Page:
Before setting off to the country last week, I tried to reach the taxi driver who always picked me up when I visited that particular part of the world, but found his number had been discontinued. "Do you know Barry?" I asked the driver at the head of the queue. "Is he here?"

"Better come with me," he said comfortably. "Barry's dead."

"How can he be dead?" I asked indignantly. "He was only 50 and very fit."

"Keeled over," he said. "Goes to show you're a fool to take anything for granted."

On my return I reported my distress to my friend Nina, who expressed sympathy for Barry, observed that life was indeed unfair, but added thoughtfully: "Mind you, considering I drink, smoke and take no exercise, I should be glad that it is."

My East Anglian host's magnificent music collection contains some bizarre items. This time he played me Shostakovich's orchestral version of Tea for Two and a 1903 recording of the last castrato, whose voice I found peculiar and unsettling. Describing it to someone afterwards I quite unintentionally explained that it gave me the willies.

Do not be overimpressed by Tony Kaye, the installation artist, who having exhibited a live tramp as a work of art is now searching for a female Aids victim to become another exhibit. Many years ago - even before Gilbert and George rose to fame - the over-creative Irish fantasist Sean MacReamoinn conceived the notion of an Irish touring group of those husbands who were frequently rebuked at home for "making an exhibition of yourself". If successful, there was to be a religious follow-up composed of those accused of "making a Holy God's show of yourself".

I am deriving some amusement from the growing enthusiasm for privacy laws displayed by members of the Labour Party - although the Tories, who have suffered so much at the hands of the tabloid press, seem stoically determined to suffer the status quo. Could it be that both sides think that most Tory skeletons are now out of the cupboard, and foresee an interesting time when the tabloids lose enthusiasm for a Labour government?

The Independent's computer has been ticked off for twice last week eradicating the names of diarists from the tops of their columns. I was pleased that the culprit was a machine rather than a sub-editor, for as a rule subs receive only criticism, readers are unaware of their contribution and journalists grumble rather than praise. Yet however fair one tries to be, it is hard not to emit a scream of pain and look for someone to blame when an error appears in one's printed prose.

It doesn't really matter with newspapers, but a mistake in a book is for ever and can lead to sleepless nights. I still toss and turn over my observation in the preface to my history of the Economist, that writing it had been "alternately a fearful burden and a job", when of course I meant "joy". The classic example, however, is that about which PG Wodehouse wrote in the poem Printer's Error, which my Economist friend, the journalist Andrew Boyd, sent me recently on the grounds that the heroine shared my name.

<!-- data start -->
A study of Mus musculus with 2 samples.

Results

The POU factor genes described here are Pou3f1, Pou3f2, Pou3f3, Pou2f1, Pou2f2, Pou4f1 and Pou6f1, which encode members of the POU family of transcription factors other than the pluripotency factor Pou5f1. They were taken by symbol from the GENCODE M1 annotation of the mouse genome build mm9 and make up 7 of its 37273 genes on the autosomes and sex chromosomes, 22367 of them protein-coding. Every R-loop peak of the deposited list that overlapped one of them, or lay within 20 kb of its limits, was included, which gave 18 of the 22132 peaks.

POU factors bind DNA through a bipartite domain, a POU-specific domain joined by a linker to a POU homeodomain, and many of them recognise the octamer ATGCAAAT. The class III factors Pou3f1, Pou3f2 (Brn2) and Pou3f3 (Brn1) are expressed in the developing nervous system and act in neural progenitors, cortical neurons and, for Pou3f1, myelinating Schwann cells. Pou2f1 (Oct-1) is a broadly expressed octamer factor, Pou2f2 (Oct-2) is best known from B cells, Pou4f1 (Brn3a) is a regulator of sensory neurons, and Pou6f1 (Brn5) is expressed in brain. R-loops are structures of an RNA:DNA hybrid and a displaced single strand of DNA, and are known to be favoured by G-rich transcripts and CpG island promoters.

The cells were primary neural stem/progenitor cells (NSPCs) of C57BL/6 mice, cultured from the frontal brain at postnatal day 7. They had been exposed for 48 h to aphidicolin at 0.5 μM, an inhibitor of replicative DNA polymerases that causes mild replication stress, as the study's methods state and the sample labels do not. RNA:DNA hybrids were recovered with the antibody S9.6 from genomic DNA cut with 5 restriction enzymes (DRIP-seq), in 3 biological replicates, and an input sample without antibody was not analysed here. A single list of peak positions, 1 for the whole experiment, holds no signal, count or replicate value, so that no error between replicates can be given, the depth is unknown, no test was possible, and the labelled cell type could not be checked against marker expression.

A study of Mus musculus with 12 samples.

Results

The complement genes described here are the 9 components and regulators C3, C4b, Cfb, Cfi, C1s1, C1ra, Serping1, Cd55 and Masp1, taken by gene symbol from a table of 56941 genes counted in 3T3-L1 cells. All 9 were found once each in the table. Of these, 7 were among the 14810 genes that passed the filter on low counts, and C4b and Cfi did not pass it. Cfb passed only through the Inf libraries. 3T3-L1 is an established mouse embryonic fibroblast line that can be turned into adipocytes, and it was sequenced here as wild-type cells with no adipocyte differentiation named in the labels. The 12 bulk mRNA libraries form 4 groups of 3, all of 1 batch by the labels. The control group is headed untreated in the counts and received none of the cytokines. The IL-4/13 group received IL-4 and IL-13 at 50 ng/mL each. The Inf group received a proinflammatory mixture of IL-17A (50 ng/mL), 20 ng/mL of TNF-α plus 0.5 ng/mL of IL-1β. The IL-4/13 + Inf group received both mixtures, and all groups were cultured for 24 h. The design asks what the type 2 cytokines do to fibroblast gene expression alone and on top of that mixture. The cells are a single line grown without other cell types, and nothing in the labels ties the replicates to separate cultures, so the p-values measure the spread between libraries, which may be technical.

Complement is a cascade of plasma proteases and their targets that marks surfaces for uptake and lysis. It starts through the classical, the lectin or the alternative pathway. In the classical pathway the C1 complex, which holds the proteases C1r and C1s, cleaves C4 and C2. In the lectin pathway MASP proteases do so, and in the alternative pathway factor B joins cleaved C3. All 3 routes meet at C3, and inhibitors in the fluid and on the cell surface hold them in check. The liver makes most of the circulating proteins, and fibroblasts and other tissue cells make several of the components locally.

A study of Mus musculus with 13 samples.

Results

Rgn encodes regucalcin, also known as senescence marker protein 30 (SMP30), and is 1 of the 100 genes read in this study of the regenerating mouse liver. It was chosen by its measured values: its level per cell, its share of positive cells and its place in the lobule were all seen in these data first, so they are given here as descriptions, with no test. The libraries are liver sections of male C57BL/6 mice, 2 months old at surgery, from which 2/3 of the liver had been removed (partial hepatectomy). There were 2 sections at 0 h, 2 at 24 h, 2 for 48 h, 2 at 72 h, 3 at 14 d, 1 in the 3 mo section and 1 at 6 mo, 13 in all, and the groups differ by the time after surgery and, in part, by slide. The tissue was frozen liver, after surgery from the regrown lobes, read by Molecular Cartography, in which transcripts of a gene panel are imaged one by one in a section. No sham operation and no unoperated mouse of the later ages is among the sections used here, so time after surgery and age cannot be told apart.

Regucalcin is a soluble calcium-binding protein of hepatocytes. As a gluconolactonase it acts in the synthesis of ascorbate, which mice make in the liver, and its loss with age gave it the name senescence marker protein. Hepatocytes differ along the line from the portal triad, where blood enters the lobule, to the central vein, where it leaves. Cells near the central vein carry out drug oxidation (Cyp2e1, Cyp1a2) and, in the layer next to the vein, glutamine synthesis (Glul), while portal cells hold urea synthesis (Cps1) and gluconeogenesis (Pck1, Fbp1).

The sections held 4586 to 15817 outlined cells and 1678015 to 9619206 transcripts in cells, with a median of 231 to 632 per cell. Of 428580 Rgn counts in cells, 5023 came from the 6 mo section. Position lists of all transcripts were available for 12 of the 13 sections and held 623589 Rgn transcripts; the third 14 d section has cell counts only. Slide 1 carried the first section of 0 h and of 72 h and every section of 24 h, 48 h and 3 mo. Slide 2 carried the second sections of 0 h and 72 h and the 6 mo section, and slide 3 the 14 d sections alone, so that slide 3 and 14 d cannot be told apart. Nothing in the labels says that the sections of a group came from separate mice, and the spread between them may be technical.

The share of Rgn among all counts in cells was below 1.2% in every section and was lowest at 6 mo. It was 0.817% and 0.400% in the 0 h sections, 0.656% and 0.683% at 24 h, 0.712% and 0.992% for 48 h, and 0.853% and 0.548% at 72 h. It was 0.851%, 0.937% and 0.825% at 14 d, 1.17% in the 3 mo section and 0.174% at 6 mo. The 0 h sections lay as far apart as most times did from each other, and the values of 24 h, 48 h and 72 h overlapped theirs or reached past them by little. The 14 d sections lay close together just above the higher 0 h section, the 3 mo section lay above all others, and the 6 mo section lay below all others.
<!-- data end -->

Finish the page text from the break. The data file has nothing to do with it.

The poem tells of the author who was enjoying reading his latest book, when he was suddenly racked with pain:

I'd written (which I thought quite


"Ruth, ripening into womanhood,

Was now a girl who knocked men


And frequently got whistled at,"

And some vile, careless, casual gook

Had spoiled the best thing in the


By printing "not"

(Yes, "not", great Scott!)

When I had written "now".

Like anyone else to whom that error of all errors has happened, I still feel an upsurge of rage at the memory and therefore approve the author's murder of the compositor, cheer on the judge who dismissed his case and would have contributed to the statue raised by PEN in honour of the hero who got:

A gun at great expense and shot

The human blot who'd printed "not"

When he had written "now".

Apropos of the above, a friend reports to me that his typist recently returned to him a piece of work containing the line: "The price of a virtuous woman is far above rabies." (If that appears as "rubies", I will not be responsible for my actions.)

Seeing that rigour is on the agenda today, I must hold up matters on the limerick front to deal with some of the accumulated criticisms, although I assure you that I have no intention of becoming a harsh judge myself. I have no talent in this area whatsoever and am impressed by almost all of your contributions. However, in Memo to RDE Richard Taylor laments:

It's sad to see one of your calling

Find space when the standards are


Inaccurate rhymes

Are signs of the times,

But absence of scansion's


Dave Hickman (to whom I offer a grovelling apology for a missing word in his last limerick) gives the rule of thumb:

The limerick must, in its form

To metre iambic conform

Feet four, four, three, three, four,

And a rhyme-scheme, what's

more -

A, A, B, B, A, as its norm.

Richard Benny was made extremely cross on several grounds, especially about sloppy rhymes concerning Greeks, and has shown us how to do it in his Timete Danaos Dona Ferentes or Not:

The Greeks, so they say, at


Behaved, I'm afraid, quite


When up on the Phyx

They played practical tryx -

And they cheated like mad at


I hope you've all been paying attention.